The record industry is still reeling from its independent promotion controversy. But is there a legal way to buy radio air time for new records? That's the unusual solution one major industry figure has advocated.

In a front-age editorial in last week's issue of Radio & Records (R&R), a respected industry radio publication, R&R publisher Dwight Case said: "Let's sell the record companies air time for product play!"

The proposal has prompted a storm of record company protest, with CBS Records Group president Al Teller saying he was "stunned and bewildered that Dwight could propose such an outlandish idea."

According to Case, with the FCC no longer placing restrictions on the amount of commercial time stations can sell, radio stations could sell record companies "five minutes of commercial time and play a complete record," charging the label for the air time in the same manner radio would charge for a regular spot.

Case's editorial acknowledged that there might be some "tiny glitches." But "if reports are true and $50, $60 or $70 million is being paid for independent promotion, a big chunk of those dollars would become revenue for the radio industry. Sure takes the pressure off, doesn't it? . . . And the money crosses the till in sight of all the players!"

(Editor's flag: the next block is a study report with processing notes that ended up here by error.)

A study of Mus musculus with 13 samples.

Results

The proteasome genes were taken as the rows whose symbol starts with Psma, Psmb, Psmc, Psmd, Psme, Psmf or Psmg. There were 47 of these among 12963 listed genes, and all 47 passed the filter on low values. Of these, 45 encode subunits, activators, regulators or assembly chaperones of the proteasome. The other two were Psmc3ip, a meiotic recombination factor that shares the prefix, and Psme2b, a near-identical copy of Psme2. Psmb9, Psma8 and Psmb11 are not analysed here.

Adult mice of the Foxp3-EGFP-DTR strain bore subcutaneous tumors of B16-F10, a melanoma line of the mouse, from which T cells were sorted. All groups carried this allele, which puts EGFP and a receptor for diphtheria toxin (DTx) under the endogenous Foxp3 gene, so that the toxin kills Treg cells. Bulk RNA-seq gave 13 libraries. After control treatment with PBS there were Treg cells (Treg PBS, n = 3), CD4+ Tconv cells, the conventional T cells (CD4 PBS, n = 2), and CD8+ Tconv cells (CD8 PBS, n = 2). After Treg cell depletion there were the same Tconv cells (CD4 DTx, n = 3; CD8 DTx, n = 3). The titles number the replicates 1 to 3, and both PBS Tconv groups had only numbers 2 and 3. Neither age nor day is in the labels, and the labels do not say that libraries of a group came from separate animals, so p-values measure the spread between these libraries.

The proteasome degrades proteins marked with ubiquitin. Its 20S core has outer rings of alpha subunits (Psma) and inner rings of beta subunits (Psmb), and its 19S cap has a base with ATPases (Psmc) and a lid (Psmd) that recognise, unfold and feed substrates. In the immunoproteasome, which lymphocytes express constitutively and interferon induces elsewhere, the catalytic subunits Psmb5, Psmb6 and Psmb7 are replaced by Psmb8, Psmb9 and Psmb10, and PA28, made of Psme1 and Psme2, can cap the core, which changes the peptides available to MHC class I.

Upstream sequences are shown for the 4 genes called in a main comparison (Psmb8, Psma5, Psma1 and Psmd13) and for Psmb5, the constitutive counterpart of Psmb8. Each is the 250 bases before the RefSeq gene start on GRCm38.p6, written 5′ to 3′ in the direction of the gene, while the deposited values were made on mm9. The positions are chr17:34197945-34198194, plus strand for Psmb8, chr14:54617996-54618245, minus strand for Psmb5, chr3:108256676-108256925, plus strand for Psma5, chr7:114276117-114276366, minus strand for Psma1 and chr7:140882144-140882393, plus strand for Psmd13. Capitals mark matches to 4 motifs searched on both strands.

The R&R proposal provoked an immediate, angry reaction.

"It's just crazy," said Geffen Records president Eddie Rosenblatt. "The whole idea is outrageous and ridiculous. I'm really incensed. We'd never go for it in a million years. And I can't imagine radio wanting to give up their power to select what records to play either."

MCA Records president, Irving Azoff, said the plan has provoked a "major schism" between his company and R&R, which he claimed has been "totally insensitive to the needs of the record industry."

"It's clear that R&R is only a radio publication now and I think it's time for record companies to look for an alternative publication that better represents our interests."

Azoff added: "I'm glad Dwight brought up the subject of payments, because I think it's time that radio stations started paying us for playing our records, just as they make payments to songwriters and music publishers for using their material. Why shouldn't Whitney Houston and Arista, for example, get paid every time a radio station plays one of her hits?"

Several major record companies, including Geffen Records, have already signaled their displeasure by temporarily pulling advertising from upcoming issues. Several industry execs said CBS had pulled its ads as well, though Teller would not confirm those reports (Azoff said MCA has not canceled any ads "at this time").

However, the Case proposal was not met with universal disapproval. A spokesman for Warner Bros. Records said the label has "no intention" of pulling its ads, adding "our relationship with R&R remains as good as ever."